The 13th Annual UC Student of Color Conference was held at UCSB last weekend, bringing together students from UC campuses across the state to address the ramifications the war on terror has had on people of color.
The conference, put on by the UC Student Association, began Friday with an open-mic forum at Corwin Pavilion that featured a spoken-word performance by UCSB alumna Erin O’Brien. Organizers and attendees were then able to voice their thoughts on politics and minority issues through speech, poetry and music.
Saturday’s activities began with a breakfast during which students got an opportunity to meet students from other UC campuses. The students then attended a series of workshops aimed at educating people on the political and social forces that affect people of color. For many students, the workshops proved to be the most rewarding part of the conference.
“I really liked the ‘Environment, Racism and War’ workshop. It was interesting because [it showed] that there is a lot of racism that people take for granted, especially when it comes to the environment, [such as] how urban environments are more frequently near waste dumps,” Mark Gabriel, a third-year UC Riverside business administration major, said. “It connected to a political science class I am taking on environmentalist issues.”
The “NO on the Information Ban” workshop, about the racial privacy initiative written by UC Regent Ward Connerly, was also popular among attendees.
“My favorite workshop was ‘NO on the Information Ban,’ because it was so relevant to minority groups, and it will affect us as students in the future,” Caroline Hong, fourth-year UC Riverside English and history major, said. “It was very informative.”
Aaron McGruder, creator of the “Boondocks” comic strip, delivered the keynote speech of the conference Saturday evening. McGruder voiced his criticism of the leftist movement and the way it mobilizes and presents itself. Audience members said they felt he presented a somewhat indifferent attitude toward minority causes in contrast to other speakers.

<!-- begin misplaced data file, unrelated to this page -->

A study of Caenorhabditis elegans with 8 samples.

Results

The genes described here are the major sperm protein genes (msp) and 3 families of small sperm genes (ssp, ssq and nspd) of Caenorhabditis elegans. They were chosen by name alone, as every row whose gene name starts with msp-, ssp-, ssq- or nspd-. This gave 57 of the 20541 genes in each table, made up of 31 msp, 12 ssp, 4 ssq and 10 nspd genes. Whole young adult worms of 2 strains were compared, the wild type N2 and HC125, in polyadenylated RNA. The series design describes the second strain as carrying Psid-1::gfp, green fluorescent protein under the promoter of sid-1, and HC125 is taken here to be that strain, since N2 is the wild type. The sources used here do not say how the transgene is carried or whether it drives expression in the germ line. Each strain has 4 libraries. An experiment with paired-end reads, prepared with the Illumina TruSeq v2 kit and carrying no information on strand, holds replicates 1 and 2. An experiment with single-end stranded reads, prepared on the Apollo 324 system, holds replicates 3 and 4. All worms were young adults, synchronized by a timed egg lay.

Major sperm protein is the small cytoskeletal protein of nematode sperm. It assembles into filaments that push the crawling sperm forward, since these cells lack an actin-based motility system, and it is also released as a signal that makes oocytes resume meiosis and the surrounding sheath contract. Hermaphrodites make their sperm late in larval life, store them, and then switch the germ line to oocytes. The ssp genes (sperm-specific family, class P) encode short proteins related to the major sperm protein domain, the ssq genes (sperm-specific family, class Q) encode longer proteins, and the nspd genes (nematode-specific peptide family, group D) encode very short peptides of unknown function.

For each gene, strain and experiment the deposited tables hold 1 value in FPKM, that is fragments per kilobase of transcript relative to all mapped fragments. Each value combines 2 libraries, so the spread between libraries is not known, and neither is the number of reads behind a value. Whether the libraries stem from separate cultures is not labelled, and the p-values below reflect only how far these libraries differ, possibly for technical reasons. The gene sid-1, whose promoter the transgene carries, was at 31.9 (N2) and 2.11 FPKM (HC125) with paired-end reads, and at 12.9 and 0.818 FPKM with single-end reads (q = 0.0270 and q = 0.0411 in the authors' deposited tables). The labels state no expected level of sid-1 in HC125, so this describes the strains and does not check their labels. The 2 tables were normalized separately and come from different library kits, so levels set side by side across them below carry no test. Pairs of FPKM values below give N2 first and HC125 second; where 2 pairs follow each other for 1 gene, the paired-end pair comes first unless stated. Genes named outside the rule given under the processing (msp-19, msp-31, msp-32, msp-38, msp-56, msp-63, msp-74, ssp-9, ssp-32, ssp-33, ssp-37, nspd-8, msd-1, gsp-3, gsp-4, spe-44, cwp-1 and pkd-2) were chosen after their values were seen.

“[McGruder] was anti-dogma. He tried to let people know he was just a cartoonist,” Susan Ayoob, fourth-year UC Santa Cruz Spanish major, said. “Some walked out, but others liked it.”
Following the keynote address, a dinner and panel discussion regarding “The Militarization of Our Community” was held. Renee Saucedo, an immigration advocate, gave a speech on immigrant rights during the panel discussion that received a standing ovation.
“She was amazing,” Rebekah Waldron, conference organizer and Student Coalition on Racial Equality co-commissioner said.
Mario Africa, founder of AWOL magazine, was also on the panel and spoke on the militarization of youth and the reclaiming of hip hop as a minority art form.
“[Africa] spoke in a way that engaged young people in the issue,” Waldron said. “He gave them a lot of creative ideas.”
Saturday’s events and workshops came to an end with a concert featuring the B-Side Players and Prophets of Rage.
More workshops were held Sunday before the conference concluded with a gathering in which participants reflected on the conference.
Organizers said they were pleased with the turnout and results of the conference.
“We’ve made a lot of progress,” Waldron said. “It’s a great step toward building multicultural coalitions against war.”
However, not all participants were satisfied. Some students complained about the lack of African-American presence at the conference.
“The overall feeling of the Student of Color Conference is that there was a lack of color,” Courtney Schroeder, a second-year UCSB business economics major, said. “The black community at UCSB feels there was a lack of outreach by conference organizers.”
The inclusion of groups that do not focus on racial and ethic issues was another complaint from some students.
“The presence of the queer alliance was unnecessary,” Angela Villa, third-year UC Riverside computer science major, said. “I have nothing against homosexuality, but it is a conference for students of color. It diverged from the focus of the conference.”